A gang fight left a little boy dead. The killer was granted a re-sentencing hearing.
It was nearly dusk on May 21, 2007, when 9-year-old Stacy Williams III was knocked off his new purple Huffy bicycle when a stray bullet hit him as he rode away from a street fight as gunfire erupted.
More than a dozen teenagers and younger children had gathered in the 3500 block of Fifth Street East in Bradenton to watch two teenage boys fight over a 13-year-old girl. The two had already gotten into a fight earlier in the nearby Manatee Woods apartment complex but agreed to a rematch.
One of the boys, the girl’s boyfriend, was affiliated with the SUR-13 street gang and called for a gun to be brought to the scene of the brawl. His sister, Ashley Rios, arrived in her car driven by her boyfriend, Johnny “Creep” Vazquez, with Orlando “Scrappy Loco” Valenzuela Jr. in the backseat, all three members of SUR-13.
The white Chrysler Sebring convertible with its top down pulled up as a dark green Cadillac approached from the other direction. Valenzuela stood up in the backseat and began firing a gun.
Children scattered, many taking off through a dirt path through the vacant lot south of the adjacent Bethesda International Evangelical Church known as “the cut.”
Stacy had made it to the corner of Fifth Street East and 32nd Avenue East before the stray bullet hit him, knocking him off his bicycle. The bullet hit him in the neck and went out his mouth, but the boy tried to get up and fell again.
Within hours, Valenzuela, Vazquez and Rios were arrested by the Manatee County Sheriff’s Office on murder charges.
The bullet and gun that killed Stacy were never found.
Valenzuela was identified as the only shooter. Vazquez and Rios took plea deals in the case and testified against Valenzuela during an eight-day trial in September 2008.
Valenzuela was found guilty by a jury of second-degree murder with a firearm. He was later sentenced to life in prison.
Now 27, Valenzuela has been back at the Manatee County jail for a month ahead of a sentencing hearing on Thursday.
In December 2016, Valenzuela was granted a re-sentencing hearing based on the 2012 U.S. Supreme Court decision in Miller v. Alabama and the 2016 Florida Supreme Court decision in Landrum v. State.
In the Miller case, the U.S. Supreme Court ruled that mandatory life sentences were unconstitutional for juveniles. In the Landrum case, the state Supreme Court ruled that cases in which discretion was used qualified for a new sentencing hearing.
At the time he shot and killed Stacy, Valenzuela already was a documented gang member at the age of 15. Manatee County was plagued with gang violence at the time with drive-by shootings often occurring multiple times a night.
Six weeks before, a shooting sent thousands running from Coquina Beach on Easter Sunday in a clash between rival gangs despite a mass presence of law enforcement in anticipation of possible retaliation for a previous fatal shooting.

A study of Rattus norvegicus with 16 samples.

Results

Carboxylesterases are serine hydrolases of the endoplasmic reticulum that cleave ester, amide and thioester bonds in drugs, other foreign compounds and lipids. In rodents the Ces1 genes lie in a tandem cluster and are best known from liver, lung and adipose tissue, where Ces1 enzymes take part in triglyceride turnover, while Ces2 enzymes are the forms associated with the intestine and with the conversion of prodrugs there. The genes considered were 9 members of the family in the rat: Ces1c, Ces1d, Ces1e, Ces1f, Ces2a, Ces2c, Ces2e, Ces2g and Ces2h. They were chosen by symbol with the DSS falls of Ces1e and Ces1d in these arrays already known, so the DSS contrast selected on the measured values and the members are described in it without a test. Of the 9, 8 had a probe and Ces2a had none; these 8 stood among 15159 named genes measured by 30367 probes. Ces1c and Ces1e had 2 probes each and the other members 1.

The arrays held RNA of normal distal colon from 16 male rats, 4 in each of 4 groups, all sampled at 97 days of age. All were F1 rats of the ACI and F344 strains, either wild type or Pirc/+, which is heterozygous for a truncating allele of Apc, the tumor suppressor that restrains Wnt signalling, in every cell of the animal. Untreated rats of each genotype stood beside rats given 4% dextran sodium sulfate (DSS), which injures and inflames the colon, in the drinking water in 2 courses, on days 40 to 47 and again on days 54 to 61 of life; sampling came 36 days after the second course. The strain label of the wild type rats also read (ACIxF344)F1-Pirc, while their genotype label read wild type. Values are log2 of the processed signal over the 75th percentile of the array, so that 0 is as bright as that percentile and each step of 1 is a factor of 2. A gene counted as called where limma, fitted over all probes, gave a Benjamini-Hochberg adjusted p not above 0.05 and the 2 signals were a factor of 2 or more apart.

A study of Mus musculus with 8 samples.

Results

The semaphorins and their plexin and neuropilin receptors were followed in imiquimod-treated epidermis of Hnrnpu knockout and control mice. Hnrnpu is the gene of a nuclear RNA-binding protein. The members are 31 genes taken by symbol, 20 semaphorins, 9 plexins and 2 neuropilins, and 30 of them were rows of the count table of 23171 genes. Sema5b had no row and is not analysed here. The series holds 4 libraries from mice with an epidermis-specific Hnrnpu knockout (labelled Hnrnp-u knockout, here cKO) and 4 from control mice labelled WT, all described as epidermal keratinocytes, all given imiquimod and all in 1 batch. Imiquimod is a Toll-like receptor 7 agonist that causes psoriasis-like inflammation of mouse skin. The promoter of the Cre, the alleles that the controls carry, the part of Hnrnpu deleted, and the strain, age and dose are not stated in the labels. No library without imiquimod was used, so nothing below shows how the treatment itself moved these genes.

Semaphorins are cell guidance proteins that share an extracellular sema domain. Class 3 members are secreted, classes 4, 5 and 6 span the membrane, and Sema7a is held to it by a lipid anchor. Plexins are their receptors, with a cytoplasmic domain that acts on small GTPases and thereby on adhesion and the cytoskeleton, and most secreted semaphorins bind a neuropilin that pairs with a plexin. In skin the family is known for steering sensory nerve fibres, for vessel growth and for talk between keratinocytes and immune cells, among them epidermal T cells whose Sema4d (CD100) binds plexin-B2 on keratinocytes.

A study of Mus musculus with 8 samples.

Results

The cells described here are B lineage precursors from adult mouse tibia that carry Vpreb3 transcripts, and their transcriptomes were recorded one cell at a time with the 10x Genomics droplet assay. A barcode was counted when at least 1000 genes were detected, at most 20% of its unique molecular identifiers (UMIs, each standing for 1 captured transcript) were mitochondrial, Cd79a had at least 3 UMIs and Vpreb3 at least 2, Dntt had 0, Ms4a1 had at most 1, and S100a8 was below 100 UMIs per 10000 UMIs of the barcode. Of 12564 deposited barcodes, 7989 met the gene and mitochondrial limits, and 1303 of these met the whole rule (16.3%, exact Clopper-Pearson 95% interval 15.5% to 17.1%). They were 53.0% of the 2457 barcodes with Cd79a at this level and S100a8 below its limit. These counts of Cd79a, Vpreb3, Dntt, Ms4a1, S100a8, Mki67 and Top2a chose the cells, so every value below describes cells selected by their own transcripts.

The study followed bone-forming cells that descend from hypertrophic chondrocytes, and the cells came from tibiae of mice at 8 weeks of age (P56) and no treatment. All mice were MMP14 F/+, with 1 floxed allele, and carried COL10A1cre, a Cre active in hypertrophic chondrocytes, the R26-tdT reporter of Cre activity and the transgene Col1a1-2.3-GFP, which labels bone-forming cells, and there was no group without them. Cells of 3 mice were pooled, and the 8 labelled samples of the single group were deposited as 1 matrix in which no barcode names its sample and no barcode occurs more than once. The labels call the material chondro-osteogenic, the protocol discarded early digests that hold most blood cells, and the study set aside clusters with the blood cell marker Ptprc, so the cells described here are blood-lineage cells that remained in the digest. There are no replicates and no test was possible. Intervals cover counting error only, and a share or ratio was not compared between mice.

Retaliation was also a fear as witnesses took the stand during Valenzuela’s trial.
Valenzuela’s sister was arrested during the trial and charged with witness intimidation after a witness refused to testify out of fear of retribution because of her alleged threats.
Days later, Valenzuela’s brother was arrested and charged with witness tampering and breaching the peace for threatening the same witness. Formal charges were never filed against either sibling and the cases were dropped.
At least one other person associated with Valenzuela was arrested during the trial for similar charges.
Security was heightened throughout the trial as families from both sides filled the courtroom. Even children were checked with metal-detecting wands before entering the courtroom.
When the verdict was read, the perimeter of the Manatee Judicial Center was surrounded with Bradenton police officers and Manatee sheriff’s deputies wearing tactical gear. Snipers were positioned from the top of three downtown Bradenton buildings.
When Valenzuela was sentenced in September 2008, the hearing was held in the courtroom located at the Manatee County jail because of the security concerns.
During that hearing, Valenzuela faced Stacy’s mother when he had the opportunity to speak, according to Bradenton Herald archives.
“I’m really sorry for what happened to your son,” Valenzuela said as Stacy’s mother broke into tears. “I wish I had the power to get your son back. We’re all going through pain now and I’m sorry.”
On Thursday, Valenzuela will again be sentenced by Circuit Judge Debra Riva in that same courtroom. Valenzuela’s public defender argued to have the hearing at the courthouse, but the request was denied by Riva.
In her order, Riva cited the request from the sheriff’s office to hold the hearing at the jail.
“Increased security will be necessary given the high-profile nature and particular dynamics of this case. Should the re-sentencing occur at the judicial center downtown, we anticipate efforts from multiple bureaus outside of court security would be necessary. For everyone’s safety (and for efficient use of all resources) the Sheriff feels the jail to be the best location for this particular hearing,” the Sheriff’s Office said in a statement.
Valenzuela’s sentencing is a public hearing, however, so anyone can attend but will have to go through the necessary security checkpoints at the Manatee County jail.
Unlike his prior sentencing, Valenzuela will not be wearing jail garb, as Riva granted a request from the defense to allow him to dress up for the hearing.
Prior to killing Stacy, Valenzuela’s criminal history including at least two firearm-related arrests, including having a gun on school property. He also had multiple battery convictions.